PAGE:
One of the more common approaches hackers take in attacking a large web site is known as DOS, or denial of service. The method is to attack and exploit personal computers using a variety of Trojan Horse methods (enticing emails, official looking or otherwise enticing websites with "poison apples", enticing downloads loaded with computer viruses, etc.) to install automatic programs that can be directed by instructions from a remote computer. These PCs, once appropriated in this way, are directed to attack the target site with a level of "traffic" the site is not equipped to handle. The result is the target site is effectively frozen in its attempt to deal with overwhelming traffic, and is effectively unable to respond to legitimate transactions from "customers."

Such DOS attacks are virtually impossible (or, at any rate, increasingly unworkable) when the site in question is Google.com, or even Amazon.com, since these sites rely on an enormous network of servers which are designed to scale services up to enormous traffic levels coming from all over the world. At most a comprehensive DOS attack may be able to degrade their service response times a tad.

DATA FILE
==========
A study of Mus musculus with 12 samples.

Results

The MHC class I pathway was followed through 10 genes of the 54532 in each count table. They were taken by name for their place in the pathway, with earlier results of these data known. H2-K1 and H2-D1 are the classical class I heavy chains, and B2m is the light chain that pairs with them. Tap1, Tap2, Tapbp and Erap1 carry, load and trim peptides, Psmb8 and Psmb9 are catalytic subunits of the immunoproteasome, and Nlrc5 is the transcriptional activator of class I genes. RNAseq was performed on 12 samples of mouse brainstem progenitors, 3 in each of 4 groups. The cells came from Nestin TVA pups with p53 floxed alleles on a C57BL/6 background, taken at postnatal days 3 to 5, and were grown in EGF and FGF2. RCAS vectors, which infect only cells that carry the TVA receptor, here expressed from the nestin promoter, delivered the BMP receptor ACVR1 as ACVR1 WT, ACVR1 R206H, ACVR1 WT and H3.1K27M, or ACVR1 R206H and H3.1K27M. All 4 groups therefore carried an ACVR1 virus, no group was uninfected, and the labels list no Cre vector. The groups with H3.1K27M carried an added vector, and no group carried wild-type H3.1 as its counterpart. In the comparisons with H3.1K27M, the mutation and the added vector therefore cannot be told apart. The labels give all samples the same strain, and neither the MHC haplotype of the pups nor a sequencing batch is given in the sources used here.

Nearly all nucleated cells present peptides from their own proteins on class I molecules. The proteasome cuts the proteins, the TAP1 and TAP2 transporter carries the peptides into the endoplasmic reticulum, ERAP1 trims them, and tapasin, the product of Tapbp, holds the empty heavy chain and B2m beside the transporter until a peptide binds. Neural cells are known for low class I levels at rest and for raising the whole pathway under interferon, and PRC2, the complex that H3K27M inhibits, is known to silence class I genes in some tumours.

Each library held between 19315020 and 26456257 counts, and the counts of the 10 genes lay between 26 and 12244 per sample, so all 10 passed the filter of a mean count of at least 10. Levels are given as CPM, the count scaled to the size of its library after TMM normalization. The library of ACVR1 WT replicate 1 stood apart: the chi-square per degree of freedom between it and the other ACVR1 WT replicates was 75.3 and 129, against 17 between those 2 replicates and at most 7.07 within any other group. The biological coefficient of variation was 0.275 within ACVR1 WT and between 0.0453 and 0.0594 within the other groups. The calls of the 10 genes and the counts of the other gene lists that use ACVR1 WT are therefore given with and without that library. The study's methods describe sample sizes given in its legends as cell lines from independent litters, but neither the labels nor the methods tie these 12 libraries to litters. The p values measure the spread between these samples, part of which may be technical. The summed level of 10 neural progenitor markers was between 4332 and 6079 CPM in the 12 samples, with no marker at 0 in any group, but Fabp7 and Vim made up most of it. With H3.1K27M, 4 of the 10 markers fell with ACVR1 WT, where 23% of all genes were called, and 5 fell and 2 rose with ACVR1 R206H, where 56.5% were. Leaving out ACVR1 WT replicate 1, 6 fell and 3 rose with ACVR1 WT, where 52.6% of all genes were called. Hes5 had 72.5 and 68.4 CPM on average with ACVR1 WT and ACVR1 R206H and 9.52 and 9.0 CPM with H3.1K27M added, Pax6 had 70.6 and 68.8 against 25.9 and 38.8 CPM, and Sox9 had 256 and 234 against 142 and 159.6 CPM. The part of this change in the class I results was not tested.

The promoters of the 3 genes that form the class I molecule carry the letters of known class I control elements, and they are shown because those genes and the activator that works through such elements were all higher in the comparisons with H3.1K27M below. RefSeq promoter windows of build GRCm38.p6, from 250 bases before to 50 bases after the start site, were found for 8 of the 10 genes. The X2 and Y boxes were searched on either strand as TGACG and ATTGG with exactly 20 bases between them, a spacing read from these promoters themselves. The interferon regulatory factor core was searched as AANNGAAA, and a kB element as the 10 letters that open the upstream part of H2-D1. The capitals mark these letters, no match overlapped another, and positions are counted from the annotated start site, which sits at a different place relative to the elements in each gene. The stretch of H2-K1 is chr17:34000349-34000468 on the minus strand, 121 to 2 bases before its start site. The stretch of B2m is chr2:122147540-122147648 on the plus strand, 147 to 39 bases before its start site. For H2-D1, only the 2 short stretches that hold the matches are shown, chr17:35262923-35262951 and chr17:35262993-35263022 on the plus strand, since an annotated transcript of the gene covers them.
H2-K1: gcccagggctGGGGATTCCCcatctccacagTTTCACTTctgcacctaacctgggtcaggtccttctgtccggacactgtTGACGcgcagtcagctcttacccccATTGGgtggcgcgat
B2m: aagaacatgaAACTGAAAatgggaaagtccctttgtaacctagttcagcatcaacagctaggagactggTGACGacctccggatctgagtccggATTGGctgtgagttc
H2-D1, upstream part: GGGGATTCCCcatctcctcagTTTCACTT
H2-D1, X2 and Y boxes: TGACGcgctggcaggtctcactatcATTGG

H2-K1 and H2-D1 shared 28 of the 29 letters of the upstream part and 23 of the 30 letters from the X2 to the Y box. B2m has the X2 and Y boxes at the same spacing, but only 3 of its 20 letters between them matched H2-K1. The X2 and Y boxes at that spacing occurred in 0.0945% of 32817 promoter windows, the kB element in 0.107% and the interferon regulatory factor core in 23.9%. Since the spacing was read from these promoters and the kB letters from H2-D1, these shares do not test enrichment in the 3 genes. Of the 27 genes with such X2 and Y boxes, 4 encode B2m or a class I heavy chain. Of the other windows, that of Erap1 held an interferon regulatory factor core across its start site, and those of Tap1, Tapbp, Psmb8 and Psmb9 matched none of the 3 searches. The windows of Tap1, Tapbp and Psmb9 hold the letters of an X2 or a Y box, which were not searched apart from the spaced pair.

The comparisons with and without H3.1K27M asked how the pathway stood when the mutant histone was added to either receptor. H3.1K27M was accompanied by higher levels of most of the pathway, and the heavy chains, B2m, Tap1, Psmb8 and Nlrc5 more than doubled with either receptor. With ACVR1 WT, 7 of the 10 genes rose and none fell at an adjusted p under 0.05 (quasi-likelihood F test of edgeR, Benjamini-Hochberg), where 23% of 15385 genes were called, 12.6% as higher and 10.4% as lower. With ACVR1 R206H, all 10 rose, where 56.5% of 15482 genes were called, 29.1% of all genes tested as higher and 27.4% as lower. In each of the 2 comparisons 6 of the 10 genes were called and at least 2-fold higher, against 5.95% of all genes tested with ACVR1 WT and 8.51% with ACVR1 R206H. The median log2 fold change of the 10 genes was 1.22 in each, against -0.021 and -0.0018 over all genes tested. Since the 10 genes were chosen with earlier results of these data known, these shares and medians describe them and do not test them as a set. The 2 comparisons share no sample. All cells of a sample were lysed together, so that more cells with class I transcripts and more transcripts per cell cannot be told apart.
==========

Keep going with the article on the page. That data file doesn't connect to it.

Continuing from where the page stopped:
The world of blogging is different, of course. Few blogs have the sort of importance that would motivate a DOS attack. Most hackers would rather attack more tempting targets with economic muscle. There is, however, an alternative scheme that I have personally witnessed, namely what might be called a denial of dialog attack (or, ironically, DOD). Such an attack proceeds by using BOTs that attempt to flood the registration mechanism of the site. If the site cannot effectively block BOTs, it may be forced to shut down user registratons altogether. Sound familiar?

In a world with Facebook, Twitter, a variety of blogging "collectives" (such as Blogger, Tumblr and Wordpress) and other social media, independent blogging sites with "members" are becomming increasingly rare.

While this site has no "members" as such (other than me, that is), it continues to enjoy a significant readership. For that I am grateful, of course. Even if you are unable to dialog with me (through no fault on my part), you evidently still consider my thoughts worth considering even when you disagree with them.

Even so, it is a great pity that so few people in the world today consider actual dialog to be necessary to civilization.